The Fog (1980)
The Fog, horror icon John Carpenter's 1980 follow-up to Halloween, is a very good horror movie that, despite a thin plot and characters, consistently makes for tense viewing. Sporting eerie visuals, a great cast, and chilling use of music, The Fog is easily one of Carpenter's greater efforts. It's got a low body count and almost no gore, but those things should hardly factor into one's enjoyment of a good, old-fashioned spook show that delivers on almost all fronts.
What makes The Fog hold up after over thirty years (and one ill-advised remake) may just be its lack of pretension and special effects. The ghosts stalking our protagonists are almost always partially obscured by shadows and fog. The story is straightforward -- no ridiculous plot twists or soapy character drama, just pissed-off shipwreck victims coming back after 100 years to claim their vengeance on the town whose founders robbed and killed them. The lack of graphic violence means that, instead of dated gore effects, the kills are mostly left to the imagination, with the fog working to obscure in all its creepy glory. Had this been made today, it would be an almost certain PG-13. This is a film that focuses on building tension and scaring the viewer, first and foremost, and it does that with flying colors. Carpenter's visual style and especially his musical and audio cues ratchet up the tension while rarely explicitly telegraphing what is about to go down; just the sound of a car alarm, a steady banging, or Carpenter's trademark synth score could put ants in my pants. At times, though, the plot could be a little too straightforward. Not a lot of characters get much development beyond a basic sketch of who they are, with the deepest character being one who doesn't even show up on screen, only leaving his diary outlining the backstory. Also, some of them (particularly Stevie and Mrs. Kobritz) came to the conclusion that the fog was bad news a bit too early for my liking, with it taking almost nothing to convince them that there are ghosts lurking in it.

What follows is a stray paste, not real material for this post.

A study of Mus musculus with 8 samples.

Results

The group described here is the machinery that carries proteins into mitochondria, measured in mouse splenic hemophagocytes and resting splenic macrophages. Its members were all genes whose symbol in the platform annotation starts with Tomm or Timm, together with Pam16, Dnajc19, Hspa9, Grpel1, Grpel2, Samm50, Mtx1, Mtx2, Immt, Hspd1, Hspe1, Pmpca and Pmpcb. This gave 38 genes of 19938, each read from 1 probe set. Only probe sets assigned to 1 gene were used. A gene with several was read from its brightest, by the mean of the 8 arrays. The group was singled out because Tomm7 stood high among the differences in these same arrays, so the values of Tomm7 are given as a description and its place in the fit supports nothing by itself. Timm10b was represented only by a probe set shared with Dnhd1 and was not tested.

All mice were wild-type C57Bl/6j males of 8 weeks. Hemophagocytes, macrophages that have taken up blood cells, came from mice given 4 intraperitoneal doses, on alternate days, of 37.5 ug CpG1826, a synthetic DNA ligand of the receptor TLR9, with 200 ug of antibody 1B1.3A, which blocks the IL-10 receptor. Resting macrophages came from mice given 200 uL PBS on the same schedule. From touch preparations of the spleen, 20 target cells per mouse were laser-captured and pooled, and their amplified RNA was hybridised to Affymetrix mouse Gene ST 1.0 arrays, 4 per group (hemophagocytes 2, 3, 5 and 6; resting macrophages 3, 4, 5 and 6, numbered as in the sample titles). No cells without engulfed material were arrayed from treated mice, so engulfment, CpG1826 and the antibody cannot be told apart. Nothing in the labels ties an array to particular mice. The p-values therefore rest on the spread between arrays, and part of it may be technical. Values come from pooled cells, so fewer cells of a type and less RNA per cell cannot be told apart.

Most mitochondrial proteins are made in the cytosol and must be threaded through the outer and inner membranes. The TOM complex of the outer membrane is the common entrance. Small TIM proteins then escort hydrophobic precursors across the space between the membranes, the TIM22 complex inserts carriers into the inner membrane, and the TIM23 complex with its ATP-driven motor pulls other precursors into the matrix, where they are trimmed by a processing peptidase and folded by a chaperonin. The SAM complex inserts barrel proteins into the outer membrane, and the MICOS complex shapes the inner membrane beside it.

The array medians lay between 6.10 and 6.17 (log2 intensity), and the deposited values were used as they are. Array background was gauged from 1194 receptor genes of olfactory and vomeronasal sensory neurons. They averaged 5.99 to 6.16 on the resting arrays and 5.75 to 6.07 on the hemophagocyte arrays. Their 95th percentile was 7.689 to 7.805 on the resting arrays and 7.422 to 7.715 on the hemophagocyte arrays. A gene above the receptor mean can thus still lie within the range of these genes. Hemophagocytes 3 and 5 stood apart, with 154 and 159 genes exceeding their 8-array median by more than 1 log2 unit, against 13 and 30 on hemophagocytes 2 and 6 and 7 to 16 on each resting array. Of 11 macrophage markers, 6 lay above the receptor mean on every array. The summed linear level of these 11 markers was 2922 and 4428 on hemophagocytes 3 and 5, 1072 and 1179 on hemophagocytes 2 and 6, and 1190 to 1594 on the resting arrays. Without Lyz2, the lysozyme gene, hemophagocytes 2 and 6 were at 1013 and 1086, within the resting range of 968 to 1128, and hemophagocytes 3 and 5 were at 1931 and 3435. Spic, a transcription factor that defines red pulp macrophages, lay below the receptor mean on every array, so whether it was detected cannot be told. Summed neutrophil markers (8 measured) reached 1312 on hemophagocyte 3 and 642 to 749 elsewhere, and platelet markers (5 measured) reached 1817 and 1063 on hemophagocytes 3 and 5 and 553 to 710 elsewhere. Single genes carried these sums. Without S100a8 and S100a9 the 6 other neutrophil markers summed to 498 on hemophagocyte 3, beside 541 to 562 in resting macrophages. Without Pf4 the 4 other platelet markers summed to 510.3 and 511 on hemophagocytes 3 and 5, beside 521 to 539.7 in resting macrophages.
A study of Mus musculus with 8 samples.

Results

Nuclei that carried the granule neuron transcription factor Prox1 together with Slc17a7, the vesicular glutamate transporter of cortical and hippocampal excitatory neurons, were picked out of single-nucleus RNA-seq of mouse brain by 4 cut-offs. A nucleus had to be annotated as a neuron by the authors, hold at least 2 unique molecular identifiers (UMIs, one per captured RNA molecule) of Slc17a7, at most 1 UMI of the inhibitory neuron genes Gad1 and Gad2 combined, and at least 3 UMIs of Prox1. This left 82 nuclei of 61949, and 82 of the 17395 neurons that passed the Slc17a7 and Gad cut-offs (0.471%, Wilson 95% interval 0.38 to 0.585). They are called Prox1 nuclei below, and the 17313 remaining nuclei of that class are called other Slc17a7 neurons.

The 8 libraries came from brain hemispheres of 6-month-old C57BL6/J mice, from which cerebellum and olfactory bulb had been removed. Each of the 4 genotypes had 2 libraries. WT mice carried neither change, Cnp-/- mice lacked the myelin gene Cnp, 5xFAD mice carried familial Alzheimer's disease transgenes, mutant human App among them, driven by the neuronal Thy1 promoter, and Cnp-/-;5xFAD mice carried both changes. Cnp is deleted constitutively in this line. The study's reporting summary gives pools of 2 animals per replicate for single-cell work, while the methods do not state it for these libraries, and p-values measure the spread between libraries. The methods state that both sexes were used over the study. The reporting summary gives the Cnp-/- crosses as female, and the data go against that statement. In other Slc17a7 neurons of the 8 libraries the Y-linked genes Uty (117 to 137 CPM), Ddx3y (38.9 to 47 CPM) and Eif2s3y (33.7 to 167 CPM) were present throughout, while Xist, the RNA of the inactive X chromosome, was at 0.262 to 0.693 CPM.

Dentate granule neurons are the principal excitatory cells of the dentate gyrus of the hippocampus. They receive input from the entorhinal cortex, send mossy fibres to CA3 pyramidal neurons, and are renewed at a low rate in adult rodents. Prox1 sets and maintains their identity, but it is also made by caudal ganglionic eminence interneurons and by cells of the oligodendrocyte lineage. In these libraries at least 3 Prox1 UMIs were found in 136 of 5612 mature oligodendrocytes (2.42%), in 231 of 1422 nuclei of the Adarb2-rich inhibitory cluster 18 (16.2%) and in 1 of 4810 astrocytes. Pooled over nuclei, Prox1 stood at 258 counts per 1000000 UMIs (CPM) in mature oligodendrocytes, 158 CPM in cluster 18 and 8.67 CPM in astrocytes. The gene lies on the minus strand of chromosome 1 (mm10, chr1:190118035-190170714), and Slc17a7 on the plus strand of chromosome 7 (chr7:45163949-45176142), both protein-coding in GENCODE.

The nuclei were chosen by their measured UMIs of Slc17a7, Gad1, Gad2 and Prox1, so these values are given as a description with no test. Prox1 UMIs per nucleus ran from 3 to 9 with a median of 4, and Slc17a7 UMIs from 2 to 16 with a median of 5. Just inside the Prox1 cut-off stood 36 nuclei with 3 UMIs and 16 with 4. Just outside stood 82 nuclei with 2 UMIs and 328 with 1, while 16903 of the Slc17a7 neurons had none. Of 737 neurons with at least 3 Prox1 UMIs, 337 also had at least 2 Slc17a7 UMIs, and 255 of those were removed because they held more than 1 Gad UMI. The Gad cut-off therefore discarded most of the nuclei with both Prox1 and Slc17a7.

Said characters, though, are played by actors who are more than capable of providing them with personality where the script doesn't. Our three leads are Tom Atkins as the local boy Nick, Jamie Lee Curtis as the out-of-town hitchhiker Elizabeth, and last but certainly not least, Adrienne Barbeau as the radio DJ Stevie Wayne, and all three of them shine. Barbeau in particular manages to capture both the smooth, sexy, late-night classic rock DJ (that voice of hers... damn) and, when she's off-air, a woman who's gotten slightly annoyed with her job but puts up with it anyway. Janet Leigh (Curtis' mother -- and no, their characters aren't related in the film) and Nancy Loomis likewise manage to sell, respectively, the Leslie Knope-esque town festival organizer Kathy and her frazzled assistant Sandy, a relationship that evolves once Kathy's husband becomes one of the first victims of the ghosts. Lastly, we get the excellent Hal Holbrook as Father Malone, who has a personal connection to the ghosts and whose ancestors have a mountain of things to answer for.
Score: 4 out of 5
This is horror, stripped down to its bare essentials, working towards the singular goal of giving you goosebumps. If you're expecting non-stop frights, look elsewhere, but if you have patience and are willing to use your imagination, this is essential viewing for this October.